Comments from the Renault team ahead of the Australian Grand Prix Fernando Alonso: Q: Fernando, how happy are you with preparations for the first race? FA: We are ready for Melbourne. We have done a lot of running since the new car was ...
Comments from the Renault team ahead of the Australian Grand Prix
Q: Fernando, how happy are you with preparations for the first race?
FA: We are ready for Melbourne. We have done a lot of running since the new car was launched, and learned a lot about the R25 -- more than in previous winters. In our last big test in Barcelona, we still had some reliability problems, but that is normal at this stage of the year and the team has worked hard to get on top of them since then. I think we understand the car well, and have made good progress with its driveability and performance in recent test sessions. Overall, it was a successful winter for the team.
Q: What is your assessment of the R25 after testing?
FA: I am much more confident with this car. It is easy to drive, and you can run on the limit without any nasty surprises in how the behaviour changes over long runs. It is a very consistent car.
Q: The Australian Grand Prix will also be the first race with the new tyre regulations. How do you view the tyre situation?
FA: Michelin have done an excellent job and in terms of performance and consistency, these are the best tyres I have ever had in Formula One. But we cannot get too excited, because we have only run on cold circuits over the winter and the first three races will be held in much warmer conditions. We will evaluate the tyre performance very carefully during the race weekend, and see where we stand after that.
Q: You will have to face a number of changes to the regulations in 2005: which will be the biggest of these?
GF: I think the new tyre rules are definitely the biggest change. In the last ten or fifteen laps of the race, the car will be much more difficult to drive because the rear end gets very loose as the tyres wear, and it's much easier to make mistakes. The key thing will be to make fewer mistakes than the other drivers.
Q: How does the R25 perform in these conditions?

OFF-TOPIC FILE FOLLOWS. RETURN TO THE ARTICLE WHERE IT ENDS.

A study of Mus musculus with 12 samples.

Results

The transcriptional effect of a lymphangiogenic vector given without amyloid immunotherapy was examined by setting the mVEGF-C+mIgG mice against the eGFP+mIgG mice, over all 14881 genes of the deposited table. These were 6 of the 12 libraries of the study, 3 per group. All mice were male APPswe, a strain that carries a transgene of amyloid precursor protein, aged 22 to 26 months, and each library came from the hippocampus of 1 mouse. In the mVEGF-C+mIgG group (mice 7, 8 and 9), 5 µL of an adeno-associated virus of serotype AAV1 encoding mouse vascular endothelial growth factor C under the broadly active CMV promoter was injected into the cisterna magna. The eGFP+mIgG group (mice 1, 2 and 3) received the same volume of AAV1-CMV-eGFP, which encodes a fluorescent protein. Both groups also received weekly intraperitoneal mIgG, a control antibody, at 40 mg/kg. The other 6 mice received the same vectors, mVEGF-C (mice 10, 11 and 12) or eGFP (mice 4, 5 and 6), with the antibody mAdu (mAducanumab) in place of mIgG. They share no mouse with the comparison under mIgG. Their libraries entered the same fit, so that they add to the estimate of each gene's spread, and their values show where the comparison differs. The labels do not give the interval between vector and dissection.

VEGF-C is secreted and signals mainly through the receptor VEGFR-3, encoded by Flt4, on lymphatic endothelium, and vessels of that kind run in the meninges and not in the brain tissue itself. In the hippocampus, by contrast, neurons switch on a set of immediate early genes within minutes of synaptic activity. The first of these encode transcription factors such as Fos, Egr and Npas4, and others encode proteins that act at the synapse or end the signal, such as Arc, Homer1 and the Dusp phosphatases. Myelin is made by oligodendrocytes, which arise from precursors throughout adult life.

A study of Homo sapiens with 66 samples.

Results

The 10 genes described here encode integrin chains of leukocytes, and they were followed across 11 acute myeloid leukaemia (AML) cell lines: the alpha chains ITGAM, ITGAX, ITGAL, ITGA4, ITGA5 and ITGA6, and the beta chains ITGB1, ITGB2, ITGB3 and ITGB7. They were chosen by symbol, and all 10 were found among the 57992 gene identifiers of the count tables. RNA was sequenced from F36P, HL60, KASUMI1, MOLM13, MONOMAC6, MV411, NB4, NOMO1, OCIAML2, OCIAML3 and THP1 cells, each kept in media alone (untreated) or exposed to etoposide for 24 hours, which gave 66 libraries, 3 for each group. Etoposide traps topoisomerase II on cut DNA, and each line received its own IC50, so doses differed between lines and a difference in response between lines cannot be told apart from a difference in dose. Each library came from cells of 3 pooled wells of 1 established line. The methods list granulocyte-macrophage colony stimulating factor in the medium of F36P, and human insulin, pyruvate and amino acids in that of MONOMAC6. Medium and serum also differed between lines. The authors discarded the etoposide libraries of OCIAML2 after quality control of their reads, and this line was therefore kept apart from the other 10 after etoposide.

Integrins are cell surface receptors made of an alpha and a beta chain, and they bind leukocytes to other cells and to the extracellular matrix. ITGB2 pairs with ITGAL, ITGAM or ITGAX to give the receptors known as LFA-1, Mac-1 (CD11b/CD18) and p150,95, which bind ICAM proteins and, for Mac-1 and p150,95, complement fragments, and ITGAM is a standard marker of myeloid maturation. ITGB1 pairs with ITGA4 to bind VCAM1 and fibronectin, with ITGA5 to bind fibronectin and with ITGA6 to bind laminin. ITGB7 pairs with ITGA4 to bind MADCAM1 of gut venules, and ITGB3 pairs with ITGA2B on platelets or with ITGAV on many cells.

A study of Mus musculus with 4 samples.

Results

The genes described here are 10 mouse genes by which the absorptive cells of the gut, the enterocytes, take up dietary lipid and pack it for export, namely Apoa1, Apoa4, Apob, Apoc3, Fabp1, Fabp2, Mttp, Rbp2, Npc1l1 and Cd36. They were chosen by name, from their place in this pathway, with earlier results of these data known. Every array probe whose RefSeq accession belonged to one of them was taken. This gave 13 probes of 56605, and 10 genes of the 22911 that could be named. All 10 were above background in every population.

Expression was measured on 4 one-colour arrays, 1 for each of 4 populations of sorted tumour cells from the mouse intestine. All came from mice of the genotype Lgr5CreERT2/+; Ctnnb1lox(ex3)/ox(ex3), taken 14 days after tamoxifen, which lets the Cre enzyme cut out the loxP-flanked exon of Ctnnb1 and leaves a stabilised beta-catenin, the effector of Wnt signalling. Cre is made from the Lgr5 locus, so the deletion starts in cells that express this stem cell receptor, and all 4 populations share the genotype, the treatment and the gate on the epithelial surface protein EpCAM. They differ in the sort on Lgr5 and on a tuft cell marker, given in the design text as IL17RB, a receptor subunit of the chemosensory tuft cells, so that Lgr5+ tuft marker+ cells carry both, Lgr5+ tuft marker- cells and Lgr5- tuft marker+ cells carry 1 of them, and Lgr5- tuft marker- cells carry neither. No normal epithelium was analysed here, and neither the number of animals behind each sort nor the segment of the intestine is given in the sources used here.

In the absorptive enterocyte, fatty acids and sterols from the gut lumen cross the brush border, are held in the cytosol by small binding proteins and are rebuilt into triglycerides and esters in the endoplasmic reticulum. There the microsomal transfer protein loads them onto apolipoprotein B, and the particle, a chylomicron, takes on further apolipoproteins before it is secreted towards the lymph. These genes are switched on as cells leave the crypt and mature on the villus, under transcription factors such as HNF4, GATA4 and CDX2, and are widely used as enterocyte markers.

GF: The tyre wear looks good with this car, and during testing in Barcelona I was able to set my quickest laps at the end of my stints. The R25 is a big step forward in every area, but in particular, the rear-end stability is much better and the balance is much more consistent on the long runs: that means it is a lot easier to set consistent lap-times over the race distance.
Q: Overall, what are your expectations for Melbourne?
GF: The Albert Park circuit is not my favourite, but my results there have always been pretty good, and I enjoy the atmosphere during the weekend. For the first time, I am going to Melbourne hoping to fight for the race win.
Bob Bell, Technical Director:
Bob, are you satisfied with the team's preparations for the 2005 season?
BB: We are ready for Australia. Since we first ran the new car, we have completed a lot of problem solving to iron out the issues with the R25, but that is what pre-season testing is about. There has been increased pressure this winter to do long-distance running for the tyres and for engine life, and we pushed hard to have two new chassis running very early in order to cope with that. Fortunately, the car's performance was encouraging from the first run, which allowed us to concentrate on getting the necessary reliability.
Q: Tyre management will be very important this season. How does the R25 treat its tyres?
BB: The car seems to be gentle on its tyres. We have seen that it is very competitive on the long runs in testing, when the tyres are getting towards the end of their life, and the tyres are being consumed in the manner we expected. It is hard to make a relative judgement, but I think we are doing as good a job as any of our competitors in this area.
Q: Are the drivers happy with the car and its handling?
BB: The feedback from both drivers has been very positive. The R25 gives them confidence to be aggressive on a single timed lap, but also allows them to drive consistently over a race distance. In that respect, it seems to be a versatile car. The other pleasing factor is that the car has been quick straight away, and it is easy to set-up. With very limited track time available to us at the race weekend, this characteristic will help us limit the very significant advantage of McLaren in particular, who will be running a third car on Friday and collecting information without worrying about tyre restrictions or engine mileage.
Q: Are there any unknown factors as the team goes to Melbourne?
BB: The only big uncertainty is our genuine competitive position. We are optimistic that we have closed the gap to Ferrari, but their big potential advantage is reliability as they are racing a known car in Melbourne; balanced against that is the fact that their competitors' cars have been specifically designed to the new rules where theirs has not.
Looking at test times, ourselves and McLaren seem to be the front-running teams, and we expect Ferrari to be part of that group in Australia. However, experience has taught everybody that winter testing times are not reliable indicators, so we must wait and see what Melbourne brings. But we have a good car, motivated drivers and a strong race team that adapts well to new regulations. We are very optimistic for the opening race of the new season.